Alain Leray is the Memory and History advisor to the SNCF executive committee, which is a partner of the Convoy 77 project. He answered our questions about the role of this major French company during the Second World War and its involvement in the process of memory preservation. Interview.
Why does a job such as yours exist in the SNCF?
We want to remember. The SNCF, like many national companies, had a unique past during the Second World War and we were too involved in this tragedy to shirk the memory of it.
We wanted to expand our efforts by taking into account four different dimensions: history, absolute transparency, remembrance and education.
As far as transparency and memory are concerned, our archives have been available online since 2012. There are 1,350,000 documents. By doing this, we are showing that we are not hiding anything. It is no longer possible to accuse us of a cover-up now that we have put online all the 39-45 records in our possession.
We also want to work to ensure that these events do not happen again, even though this has already taken place with the genocide in Rwanda. Prevention through education is one of the solutions. This is the context in which we are involved with the Convoy 77 project.
What motivates you in particular about this project?
First of all, Georges Mayer. This guy is extraordinary. He has the power of persuasion, sincerity and enthusiasm which, for me, are very moving.
There is an international dimension to his project, and unfortunately, we must admit that the Holocaust too had an international dimension. Convoy 77 is also quite special, since there were people of an incredible number of different nationalities present on the train.
You mentioned accusations. Are there any facts that need to be clarified about the SNCF’s past?
There have been many inaccurate things said about the past. In the United States, in particular, we have been accused on several occasions of completely untrue things, for example of having stolen deportees’ belongings.
It has also been said that the SNCF had the choice at the time of whether or not to pull these convoys (which were bound for the extermination camps – editor’s note). This is completely false. It was not possible to evade this order to tow the convoys, and to claim this shows a total ignorance of the way we operated. The armistice in 1940 brought us under the command of the German army’s transport department.
In truth, the SNCF took two sides during the war: collaboration, that is undeniable, and resistance. Some SNCF managers were appointed by the Vichy regime. It is clear that these managers were involved in collaboration. But there were also many acts of resistance. To simply reduce the company’s role to one of collaboration is just wrong.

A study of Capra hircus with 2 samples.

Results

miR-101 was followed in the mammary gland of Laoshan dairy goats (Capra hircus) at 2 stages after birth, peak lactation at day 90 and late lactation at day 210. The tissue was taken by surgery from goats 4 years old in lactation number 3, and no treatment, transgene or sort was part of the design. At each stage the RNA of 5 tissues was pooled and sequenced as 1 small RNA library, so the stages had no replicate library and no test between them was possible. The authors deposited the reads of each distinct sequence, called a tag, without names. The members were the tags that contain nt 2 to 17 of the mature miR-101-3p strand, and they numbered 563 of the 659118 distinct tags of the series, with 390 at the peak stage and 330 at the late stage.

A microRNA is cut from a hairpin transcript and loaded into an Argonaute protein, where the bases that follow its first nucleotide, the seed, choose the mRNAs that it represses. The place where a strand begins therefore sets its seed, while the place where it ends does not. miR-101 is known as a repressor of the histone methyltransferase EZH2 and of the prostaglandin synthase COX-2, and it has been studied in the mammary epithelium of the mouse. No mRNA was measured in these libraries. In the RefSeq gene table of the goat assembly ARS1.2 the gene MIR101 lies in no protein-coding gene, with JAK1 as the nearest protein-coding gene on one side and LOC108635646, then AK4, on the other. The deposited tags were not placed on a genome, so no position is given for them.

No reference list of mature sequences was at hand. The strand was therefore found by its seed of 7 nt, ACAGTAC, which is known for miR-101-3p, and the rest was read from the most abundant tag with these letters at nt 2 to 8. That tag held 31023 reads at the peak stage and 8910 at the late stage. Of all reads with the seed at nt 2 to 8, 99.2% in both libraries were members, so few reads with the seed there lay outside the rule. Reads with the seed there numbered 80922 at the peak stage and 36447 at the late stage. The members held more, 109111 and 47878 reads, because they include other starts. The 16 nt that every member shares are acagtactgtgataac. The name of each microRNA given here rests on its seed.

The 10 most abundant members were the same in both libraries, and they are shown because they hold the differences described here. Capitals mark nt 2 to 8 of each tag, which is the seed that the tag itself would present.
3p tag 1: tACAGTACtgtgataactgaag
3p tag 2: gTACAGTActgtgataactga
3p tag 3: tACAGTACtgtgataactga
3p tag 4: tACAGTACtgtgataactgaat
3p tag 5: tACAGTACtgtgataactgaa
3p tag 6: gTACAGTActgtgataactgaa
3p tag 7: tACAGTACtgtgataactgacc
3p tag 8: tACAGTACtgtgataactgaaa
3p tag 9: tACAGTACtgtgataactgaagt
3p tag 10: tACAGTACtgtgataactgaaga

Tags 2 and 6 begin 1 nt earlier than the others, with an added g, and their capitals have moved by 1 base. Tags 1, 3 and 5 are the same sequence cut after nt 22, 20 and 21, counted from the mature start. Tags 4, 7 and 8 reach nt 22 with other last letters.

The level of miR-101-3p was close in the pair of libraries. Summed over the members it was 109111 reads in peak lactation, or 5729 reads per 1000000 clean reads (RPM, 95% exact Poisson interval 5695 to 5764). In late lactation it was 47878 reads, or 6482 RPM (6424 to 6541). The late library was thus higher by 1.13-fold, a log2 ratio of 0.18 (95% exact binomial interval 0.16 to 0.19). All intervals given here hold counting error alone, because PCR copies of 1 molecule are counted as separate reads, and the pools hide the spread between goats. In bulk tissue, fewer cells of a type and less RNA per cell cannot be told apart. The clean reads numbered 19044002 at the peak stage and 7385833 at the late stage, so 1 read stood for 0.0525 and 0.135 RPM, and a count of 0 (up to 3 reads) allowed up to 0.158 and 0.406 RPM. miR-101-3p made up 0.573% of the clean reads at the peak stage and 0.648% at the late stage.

On the other hand, for years there was a desire not to accept reality and to maintain the myth that France and the SNCF were only involved in the Resistance, through works such as the film “The Battle of the Railways” for example [a 1946 film celebrating the railway’s part in the Resistance – editor’s note].
In fact, France and the SNCF have more or less the same history: a history of resistance fighters who saved the day, and a less pleasant history, it must be said.
We have to look these things in the face, whether they are to the SNCF’s credit or not.
What aspects of resistance would you like to highlight?
We should not forget that 2,229 railway workers were murdered by the Nazis for acts of resistance. Very often, Jews were saved thanks to the assistance of railway workers. Some people even managed to escape from a moving convoy thanks to them.
At the moment, the SNCF is supporting the work of three historians and a documentary film entitled “Sauvons les Enfants” (Let’s Save the Children), all of which focus on the rescue of Lille-Fives [the name of a station in Lille – editor’s note]. This rescue took place during the roundup on 11 September 1942. On that day, 24 railway workers saved about 60 people, including 42 children. This act of resistance is extremely touching and deeply moving, yet is almost totally overlooked. These children would never have been saved if it had not been for the extraordinary chain of solidarity that was put together, the first links of which were these 24 railway workers.
Some of them were later murdered by the Nazis. Recently, one of them, Marcel Hoffman, who survived the war, was recognized as Righteous Among the Nations by Yad Vashem [the Shoah memorial in Jerusalem – editor’s note]. His family are soon to receive the medal of the Righteous from the Israeli ambassador to France.
I am confident that the considerable work being done by many historians will eventually give a more accurate picture of the SNCF during this tragedy. I think it is early days, since those who repeat fiction rather than the real story often have a personal interest in doing so.